Centers for Disease Control warn of upcoming CMA outbreak in Nashville.

(I really feel I shouldn’t have to say this, but in light of someone recently taking another Rhinestone story seriously, and to avoid panicking anyone, I will here point out that this is NOT real, it was not issued by the CDC, and if you take this seriously, you’re obviously not reading close enough.  We good?  Cool.)

 

As in previous years, the Centers for Disease Control have issued a warning of a likely occurance of CMA in Nashville this June.  Please review the tips below on how to deal with this annual trial.


  • The most effective way to deal with CMA is to not encounter it.  In order to minimize your exposure to CMA, avoid large public gathering places where you might come into contact with a CMA carrier; such areas include the airport, LP Field, or most of downtown between I-40 and the Cumberland River.  These areas should be considered Ground Zero for CMA infestation, and entering them can lead to heightened stress, extreme aggravation, and poor traffic flow.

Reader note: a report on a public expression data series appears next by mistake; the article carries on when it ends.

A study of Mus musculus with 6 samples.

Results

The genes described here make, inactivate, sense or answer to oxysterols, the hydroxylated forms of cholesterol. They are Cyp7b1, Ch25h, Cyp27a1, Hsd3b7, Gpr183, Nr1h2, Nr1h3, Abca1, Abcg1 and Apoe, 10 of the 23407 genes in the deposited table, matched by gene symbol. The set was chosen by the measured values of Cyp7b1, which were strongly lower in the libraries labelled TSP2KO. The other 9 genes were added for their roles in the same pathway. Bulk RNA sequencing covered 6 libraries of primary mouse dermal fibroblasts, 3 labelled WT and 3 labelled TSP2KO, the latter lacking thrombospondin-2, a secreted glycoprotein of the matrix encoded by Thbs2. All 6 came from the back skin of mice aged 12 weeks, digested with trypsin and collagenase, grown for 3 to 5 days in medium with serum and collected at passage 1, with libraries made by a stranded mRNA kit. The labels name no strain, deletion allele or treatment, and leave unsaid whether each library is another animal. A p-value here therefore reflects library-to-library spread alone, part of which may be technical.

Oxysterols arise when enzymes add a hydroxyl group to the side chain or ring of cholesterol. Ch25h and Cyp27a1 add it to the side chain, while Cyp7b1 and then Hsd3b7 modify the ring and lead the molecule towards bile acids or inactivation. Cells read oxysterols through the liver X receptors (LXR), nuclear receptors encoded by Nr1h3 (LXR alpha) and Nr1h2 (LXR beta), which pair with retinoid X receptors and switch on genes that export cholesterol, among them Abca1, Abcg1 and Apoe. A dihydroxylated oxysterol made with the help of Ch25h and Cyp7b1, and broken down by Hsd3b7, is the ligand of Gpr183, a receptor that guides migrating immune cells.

Not everyone will be able to avoid CMA.  If you find yourself having to cope with CMA in your life, here are some guidelines which can make the transition easier and safe:

  • Relieve sinus pressure by carrying earplugs with you at all times.  CMA sufferers frequently experience a high-pitched whining/twanging noise which can largely be remedied through the pressurization effects of blocking your ear canal.
  • Plan for longer drive-times.  CMA infestation frequently attracts large swarms of migratory pests, which can hamper visibility while driving or cause temporary road-obstructions at crosswalks.  Adjust your travel time accordingly.
  • Don’t engage-in-conversation with, or otherwise encourage, John Rich.  Just don’t.
  • It is considered rude to make jokes at Kenny Rogers about rotisserie chicken.
  • Referring to Mad TV is also unacceptable.  Discussion of the Gambler and jokes about TV specials with Dolly are safe topics.
  • If you are mistaken for a celebrity and asked for an autograph by a migratory pest, give it to them quickly and make your way to the nearest safe location to avoid further encounters/requests.
  • CMA cannot be treated, but outbreaks only last for four days, and generally occur only once a year.